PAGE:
Contracts guide and rule the most important moments and events in our lives. We sign a contract when we get married. We sign a contract when we get approved for a home or auto mortgage. We sign a contract when we get hired for a job. We sign a contract when we enter into business partnerships. Contracts bind us to the terms explicitly specified in them.
Contracts also prevent you from having to call a bail bond service in Park City or in any other area because you were jailed for an item in a contract that you failed to honor and follow. Contracts are ways for people to have respectful and lawful relationships, whether it’s a personal one like a marriage or a professional one like an employer-employee relationship. Every signatory is duty-bound to follow that contract. So what should all contracts have that will ensure the protection of the signatories?
Names and Contact Information of People Involved
This is extremely important and often missed. The contract must include the full legal name and current contact information of the people involved in the transaction. They must present a valid ID to show that they are of legal age and have a capacity to sign and execute a contract. The contact information is also important because this is the same info that will be used in the event that a case must be filed against one of the parties.
There must be an offer on the table. The contract must stipulate what a party is offering the other party. For example, in a real estate transaction, the offer is a one-hectare property. On the offer part of the contract, the characteristics of the real estate property must be defined. This means that the offer must provide an address, physical location, determination, limitations, and the value of the property.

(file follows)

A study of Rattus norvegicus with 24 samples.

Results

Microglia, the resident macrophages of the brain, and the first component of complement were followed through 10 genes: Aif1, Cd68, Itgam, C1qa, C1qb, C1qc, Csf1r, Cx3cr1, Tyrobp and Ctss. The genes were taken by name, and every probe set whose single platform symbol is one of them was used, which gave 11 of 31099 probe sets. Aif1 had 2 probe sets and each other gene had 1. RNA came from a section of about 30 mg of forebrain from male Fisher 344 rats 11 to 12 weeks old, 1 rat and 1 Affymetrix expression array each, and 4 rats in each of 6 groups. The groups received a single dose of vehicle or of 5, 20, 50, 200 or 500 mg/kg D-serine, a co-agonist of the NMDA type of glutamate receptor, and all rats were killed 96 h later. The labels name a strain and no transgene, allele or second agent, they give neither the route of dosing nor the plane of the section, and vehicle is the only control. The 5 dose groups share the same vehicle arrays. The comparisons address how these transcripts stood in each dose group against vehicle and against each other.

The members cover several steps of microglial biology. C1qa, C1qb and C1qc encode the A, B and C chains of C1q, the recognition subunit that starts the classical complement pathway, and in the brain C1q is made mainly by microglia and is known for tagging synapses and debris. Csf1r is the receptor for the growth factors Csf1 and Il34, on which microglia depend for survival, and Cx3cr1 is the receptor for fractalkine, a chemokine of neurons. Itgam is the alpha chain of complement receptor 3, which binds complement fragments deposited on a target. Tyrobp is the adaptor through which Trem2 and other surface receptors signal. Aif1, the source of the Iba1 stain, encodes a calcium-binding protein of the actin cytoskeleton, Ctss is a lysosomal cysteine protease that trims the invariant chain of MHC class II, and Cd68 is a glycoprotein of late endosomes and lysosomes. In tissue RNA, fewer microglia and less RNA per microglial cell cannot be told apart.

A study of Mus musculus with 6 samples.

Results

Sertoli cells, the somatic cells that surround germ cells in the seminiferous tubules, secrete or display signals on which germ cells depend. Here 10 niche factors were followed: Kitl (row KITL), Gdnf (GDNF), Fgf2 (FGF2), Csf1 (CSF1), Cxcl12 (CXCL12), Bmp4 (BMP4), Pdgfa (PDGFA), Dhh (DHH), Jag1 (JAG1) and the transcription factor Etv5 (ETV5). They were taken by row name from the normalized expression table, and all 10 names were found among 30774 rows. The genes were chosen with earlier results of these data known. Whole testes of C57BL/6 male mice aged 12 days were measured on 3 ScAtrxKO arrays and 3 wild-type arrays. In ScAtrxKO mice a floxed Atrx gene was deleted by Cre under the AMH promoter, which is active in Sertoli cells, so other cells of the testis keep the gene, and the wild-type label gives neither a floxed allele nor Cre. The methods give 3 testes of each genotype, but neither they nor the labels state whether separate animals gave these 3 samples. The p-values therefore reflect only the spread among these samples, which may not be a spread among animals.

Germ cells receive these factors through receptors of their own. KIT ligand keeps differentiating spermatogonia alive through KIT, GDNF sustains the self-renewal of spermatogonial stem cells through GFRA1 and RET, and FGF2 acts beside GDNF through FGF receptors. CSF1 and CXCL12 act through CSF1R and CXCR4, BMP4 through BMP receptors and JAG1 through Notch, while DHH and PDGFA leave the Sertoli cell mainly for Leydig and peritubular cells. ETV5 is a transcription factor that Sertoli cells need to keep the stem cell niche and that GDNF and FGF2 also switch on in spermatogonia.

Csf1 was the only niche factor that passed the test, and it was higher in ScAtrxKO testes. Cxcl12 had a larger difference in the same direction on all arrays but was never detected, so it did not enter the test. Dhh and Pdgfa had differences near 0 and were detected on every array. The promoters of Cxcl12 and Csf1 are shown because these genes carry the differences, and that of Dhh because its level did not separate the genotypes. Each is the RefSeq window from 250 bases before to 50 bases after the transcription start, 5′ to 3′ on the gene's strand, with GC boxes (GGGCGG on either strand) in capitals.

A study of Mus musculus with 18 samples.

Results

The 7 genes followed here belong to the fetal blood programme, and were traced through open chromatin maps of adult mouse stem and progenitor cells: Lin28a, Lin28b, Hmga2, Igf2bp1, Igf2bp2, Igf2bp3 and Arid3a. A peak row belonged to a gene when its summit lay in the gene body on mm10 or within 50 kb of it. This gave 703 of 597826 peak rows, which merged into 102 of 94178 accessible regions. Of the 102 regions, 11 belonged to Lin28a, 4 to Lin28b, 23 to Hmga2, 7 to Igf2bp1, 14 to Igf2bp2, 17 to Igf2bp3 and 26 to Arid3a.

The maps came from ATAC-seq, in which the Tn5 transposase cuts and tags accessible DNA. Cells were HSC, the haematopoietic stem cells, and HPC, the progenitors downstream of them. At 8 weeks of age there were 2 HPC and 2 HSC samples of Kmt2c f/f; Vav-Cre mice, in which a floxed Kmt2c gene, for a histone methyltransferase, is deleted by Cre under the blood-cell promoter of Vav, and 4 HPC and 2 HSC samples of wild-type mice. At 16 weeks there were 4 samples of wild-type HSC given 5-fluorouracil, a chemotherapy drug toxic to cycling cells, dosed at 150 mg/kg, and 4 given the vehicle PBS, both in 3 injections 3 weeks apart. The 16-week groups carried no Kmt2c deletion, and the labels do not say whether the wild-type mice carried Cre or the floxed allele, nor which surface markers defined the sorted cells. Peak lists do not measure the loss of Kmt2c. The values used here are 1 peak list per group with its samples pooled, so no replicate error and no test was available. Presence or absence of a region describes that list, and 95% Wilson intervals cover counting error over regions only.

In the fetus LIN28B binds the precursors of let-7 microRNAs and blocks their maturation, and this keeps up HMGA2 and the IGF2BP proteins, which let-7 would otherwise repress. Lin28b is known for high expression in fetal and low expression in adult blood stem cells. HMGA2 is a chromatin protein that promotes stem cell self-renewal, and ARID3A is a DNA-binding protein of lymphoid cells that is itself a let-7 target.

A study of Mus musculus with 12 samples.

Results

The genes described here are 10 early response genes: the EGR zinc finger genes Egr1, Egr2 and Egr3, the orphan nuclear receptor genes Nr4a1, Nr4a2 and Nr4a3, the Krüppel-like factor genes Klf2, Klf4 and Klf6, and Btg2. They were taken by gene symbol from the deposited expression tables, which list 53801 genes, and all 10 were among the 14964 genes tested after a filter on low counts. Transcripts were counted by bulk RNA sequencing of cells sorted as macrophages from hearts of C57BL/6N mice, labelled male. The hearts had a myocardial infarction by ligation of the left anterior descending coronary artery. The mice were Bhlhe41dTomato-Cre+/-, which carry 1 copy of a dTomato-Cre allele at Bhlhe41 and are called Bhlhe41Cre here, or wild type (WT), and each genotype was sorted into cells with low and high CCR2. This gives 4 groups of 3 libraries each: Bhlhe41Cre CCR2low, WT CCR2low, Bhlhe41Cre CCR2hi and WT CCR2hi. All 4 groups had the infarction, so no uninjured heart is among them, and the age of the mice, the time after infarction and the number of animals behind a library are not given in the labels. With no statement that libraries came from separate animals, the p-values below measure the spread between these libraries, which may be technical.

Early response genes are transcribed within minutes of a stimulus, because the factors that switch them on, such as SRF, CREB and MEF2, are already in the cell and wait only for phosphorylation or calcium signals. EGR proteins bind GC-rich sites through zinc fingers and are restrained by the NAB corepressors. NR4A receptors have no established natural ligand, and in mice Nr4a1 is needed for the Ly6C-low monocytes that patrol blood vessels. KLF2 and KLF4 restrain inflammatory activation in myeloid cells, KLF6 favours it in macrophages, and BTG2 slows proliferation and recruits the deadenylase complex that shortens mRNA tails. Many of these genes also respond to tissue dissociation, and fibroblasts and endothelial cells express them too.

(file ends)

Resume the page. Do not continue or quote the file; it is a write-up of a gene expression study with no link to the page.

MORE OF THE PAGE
For a contract to be binding on the part of the seller or the service provider, there should be an acceptance from the buyer or the client. The person agreeing to the offer must accept the terms and conditions of the contract. That person must agree to the contract in clear knowledge of what he is entering into. If they are under duress, the contract is invalid. Both parties must mutually agree to accept the terms of the contract.
Payments and Other Considerations
The contract should stipulate the amount of the transaction, the schedule of payments, and the penalty fees for late payments. If the transaction is not monetary, this part of the contract should still stipulate what will be exchanged for the products or services rendered by one party. To complete a contract, one party must “pay”—whether in monetary or in-kind—the other party.
You get into loose agreements with friends and family all the time. You draw up plans only to cancel it at the last minute. That’s annoying, but legally, it’s okay. There’s nothing that binds you to your plans. A contract must adhere to the laws of the state where it will be executed. It empowers both parties to sue one another in case one of them didn’t follow the terms and stipulations of the contract.
Before signing a contract, you must read the terms and consult with a lawyer to explain the items you are not clear about. This will help you make a proper decision, whether the contract is made with your interest in mind. During the course of the transaction, you can revisit the contract to hold your end of the bargain, as well as demand accountability from the other party.